Governor Rick Scott proposed a $65 million plan that would reduce the costs of attending college.

On Thursday, his office announced his hopes to repeal sales taxes on textbooks and extend Florida Bright Futures scholarships to cover summer courses.

Fewer than 26,000 students at the University of Florida received Florida Bright Future benefits between 2013 and 2014. Students at UF, as well as other universities within the state, are required to complete at least 9 credits during a summer term in order to graduate.

Katie Giebler, a freshman at UF studying industrial engineering, said she would have originally been forced to pay out-of-pocket if she decided to complete this requirement at UF.

“I was planning on going back home and going to a community college, but since Bright Futures will likely be able to help me stay at UF to save money, I think a lot of other students would be encouraged to take summer sessions, pretty much every year,” she said.

Scott’s plan to get rid of sales taxes on textbooks could save students who take at least 15 credits a semester at least $60 per semester, but this plan doesn’t come without a cost.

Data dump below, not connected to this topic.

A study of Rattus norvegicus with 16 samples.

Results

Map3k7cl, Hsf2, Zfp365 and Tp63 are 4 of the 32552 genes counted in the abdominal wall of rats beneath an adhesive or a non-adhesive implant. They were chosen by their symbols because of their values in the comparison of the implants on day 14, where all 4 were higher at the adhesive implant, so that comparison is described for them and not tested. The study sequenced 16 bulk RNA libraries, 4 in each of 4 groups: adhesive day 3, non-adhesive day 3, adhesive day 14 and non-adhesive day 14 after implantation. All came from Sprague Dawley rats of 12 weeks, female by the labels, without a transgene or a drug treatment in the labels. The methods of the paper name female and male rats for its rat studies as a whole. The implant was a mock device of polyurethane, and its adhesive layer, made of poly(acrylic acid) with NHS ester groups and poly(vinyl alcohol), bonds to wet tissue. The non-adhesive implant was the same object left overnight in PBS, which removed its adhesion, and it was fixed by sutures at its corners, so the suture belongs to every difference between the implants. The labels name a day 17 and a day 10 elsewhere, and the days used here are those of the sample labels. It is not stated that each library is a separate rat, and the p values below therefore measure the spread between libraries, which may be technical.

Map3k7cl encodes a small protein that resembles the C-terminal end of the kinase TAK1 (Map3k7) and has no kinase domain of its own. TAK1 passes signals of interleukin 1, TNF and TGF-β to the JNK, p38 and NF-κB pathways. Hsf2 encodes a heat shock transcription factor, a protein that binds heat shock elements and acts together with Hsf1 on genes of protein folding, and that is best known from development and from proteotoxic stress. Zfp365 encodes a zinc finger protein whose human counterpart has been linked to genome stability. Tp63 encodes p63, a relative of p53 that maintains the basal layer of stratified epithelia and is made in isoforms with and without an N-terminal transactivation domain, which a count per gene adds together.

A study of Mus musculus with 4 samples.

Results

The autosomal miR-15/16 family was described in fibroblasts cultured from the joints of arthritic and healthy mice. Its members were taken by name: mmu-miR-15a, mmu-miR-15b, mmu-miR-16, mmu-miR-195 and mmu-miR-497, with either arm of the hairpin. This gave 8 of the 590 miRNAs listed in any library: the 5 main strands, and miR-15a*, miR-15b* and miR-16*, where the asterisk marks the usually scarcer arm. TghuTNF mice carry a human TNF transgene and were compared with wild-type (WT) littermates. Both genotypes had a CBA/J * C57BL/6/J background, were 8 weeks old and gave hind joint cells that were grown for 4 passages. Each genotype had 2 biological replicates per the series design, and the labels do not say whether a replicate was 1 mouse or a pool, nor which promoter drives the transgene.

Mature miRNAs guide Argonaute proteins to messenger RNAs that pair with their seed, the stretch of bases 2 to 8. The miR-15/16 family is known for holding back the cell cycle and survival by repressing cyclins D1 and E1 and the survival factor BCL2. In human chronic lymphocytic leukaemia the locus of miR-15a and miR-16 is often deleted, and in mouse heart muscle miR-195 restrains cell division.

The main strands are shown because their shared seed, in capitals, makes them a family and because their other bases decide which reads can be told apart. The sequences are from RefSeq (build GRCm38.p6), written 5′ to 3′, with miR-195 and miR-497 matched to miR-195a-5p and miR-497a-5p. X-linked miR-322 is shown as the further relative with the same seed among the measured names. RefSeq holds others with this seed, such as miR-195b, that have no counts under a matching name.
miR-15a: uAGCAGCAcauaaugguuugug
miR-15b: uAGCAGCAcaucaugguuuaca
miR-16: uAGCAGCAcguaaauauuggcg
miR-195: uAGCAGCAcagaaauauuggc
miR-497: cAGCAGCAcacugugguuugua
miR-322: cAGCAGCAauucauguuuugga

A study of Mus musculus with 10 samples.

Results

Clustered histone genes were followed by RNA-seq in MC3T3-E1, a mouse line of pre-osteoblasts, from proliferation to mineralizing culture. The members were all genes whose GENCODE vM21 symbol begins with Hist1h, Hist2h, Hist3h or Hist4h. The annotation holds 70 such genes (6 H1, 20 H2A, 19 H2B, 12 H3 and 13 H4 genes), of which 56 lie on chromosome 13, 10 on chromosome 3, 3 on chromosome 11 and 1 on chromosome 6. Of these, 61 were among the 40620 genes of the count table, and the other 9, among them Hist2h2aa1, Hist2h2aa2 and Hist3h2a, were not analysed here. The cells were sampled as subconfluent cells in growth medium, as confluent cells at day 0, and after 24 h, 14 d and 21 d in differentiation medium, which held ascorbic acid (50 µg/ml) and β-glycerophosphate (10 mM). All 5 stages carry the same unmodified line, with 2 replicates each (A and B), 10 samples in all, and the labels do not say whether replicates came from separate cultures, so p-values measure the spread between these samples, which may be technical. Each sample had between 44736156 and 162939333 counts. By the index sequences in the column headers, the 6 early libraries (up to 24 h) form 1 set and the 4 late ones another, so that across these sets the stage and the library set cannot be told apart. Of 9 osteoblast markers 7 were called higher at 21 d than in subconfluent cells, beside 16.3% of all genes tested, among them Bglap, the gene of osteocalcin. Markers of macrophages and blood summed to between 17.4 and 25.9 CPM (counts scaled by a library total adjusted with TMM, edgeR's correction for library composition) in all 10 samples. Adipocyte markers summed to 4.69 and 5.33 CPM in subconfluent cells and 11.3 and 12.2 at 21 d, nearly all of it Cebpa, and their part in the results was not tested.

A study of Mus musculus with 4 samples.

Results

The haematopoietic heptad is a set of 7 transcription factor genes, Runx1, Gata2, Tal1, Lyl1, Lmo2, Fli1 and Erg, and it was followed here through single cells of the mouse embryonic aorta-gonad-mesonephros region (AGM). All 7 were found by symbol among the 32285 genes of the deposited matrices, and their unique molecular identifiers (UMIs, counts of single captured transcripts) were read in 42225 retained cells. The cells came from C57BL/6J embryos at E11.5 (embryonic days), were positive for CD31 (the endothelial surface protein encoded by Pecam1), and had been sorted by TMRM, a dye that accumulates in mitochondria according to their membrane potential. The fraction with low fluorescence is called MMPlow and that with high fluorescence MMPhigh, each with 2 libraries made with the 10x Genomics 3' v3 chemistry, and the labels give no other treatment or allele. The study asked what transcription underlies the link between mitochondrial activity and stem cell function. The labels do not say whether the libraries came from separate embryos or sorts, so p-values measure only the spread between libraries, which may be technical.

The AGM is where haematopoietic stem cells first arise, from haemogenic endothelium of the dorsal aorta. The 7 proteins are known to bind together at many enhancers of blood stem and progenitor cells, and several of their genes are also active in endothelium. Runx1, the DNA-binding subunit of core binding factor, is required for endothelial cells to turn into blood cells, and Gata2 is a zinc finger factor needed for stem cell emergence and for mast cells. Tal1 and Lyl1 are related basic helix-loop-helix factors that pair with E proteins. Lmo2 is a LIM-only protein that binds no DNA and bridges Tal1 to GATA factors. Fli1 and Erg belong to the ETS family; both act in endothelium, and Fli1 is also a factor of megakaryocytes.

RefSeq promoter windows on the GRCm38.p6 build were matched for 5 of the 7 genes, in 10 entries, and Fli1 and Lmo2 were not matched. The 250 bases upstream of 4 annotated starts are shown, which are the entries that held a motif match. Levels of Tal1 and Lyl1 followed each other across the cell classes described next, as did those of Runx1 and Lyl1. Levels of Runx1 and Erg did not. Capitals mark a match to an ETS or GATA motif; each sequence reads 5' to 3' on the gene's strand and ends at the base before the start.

The state would have to find other ways of coming up with just over $41 million if they decide to go through with the tax cuts. Scott has pledged more than $23 million for this change, but some are skeptical of how useful this would be.

A study by the Board of Governors says more money might be necessary to cover the full cost of these summer courses for Bright Future students at the state’s 12 universities, meaning some schools may be forced to choose who gets benefits, or choose what courses will be covered.

Scott’s office also said his final budget will be released this week with even more tax cuts. These proposals have still not been approved by Legislators, but could start seeing some results when the annual session begins in March.

“It’s good to see a move toward actually supporting education rather than cutting like Rick Scott has done in the the past,” said Giebler.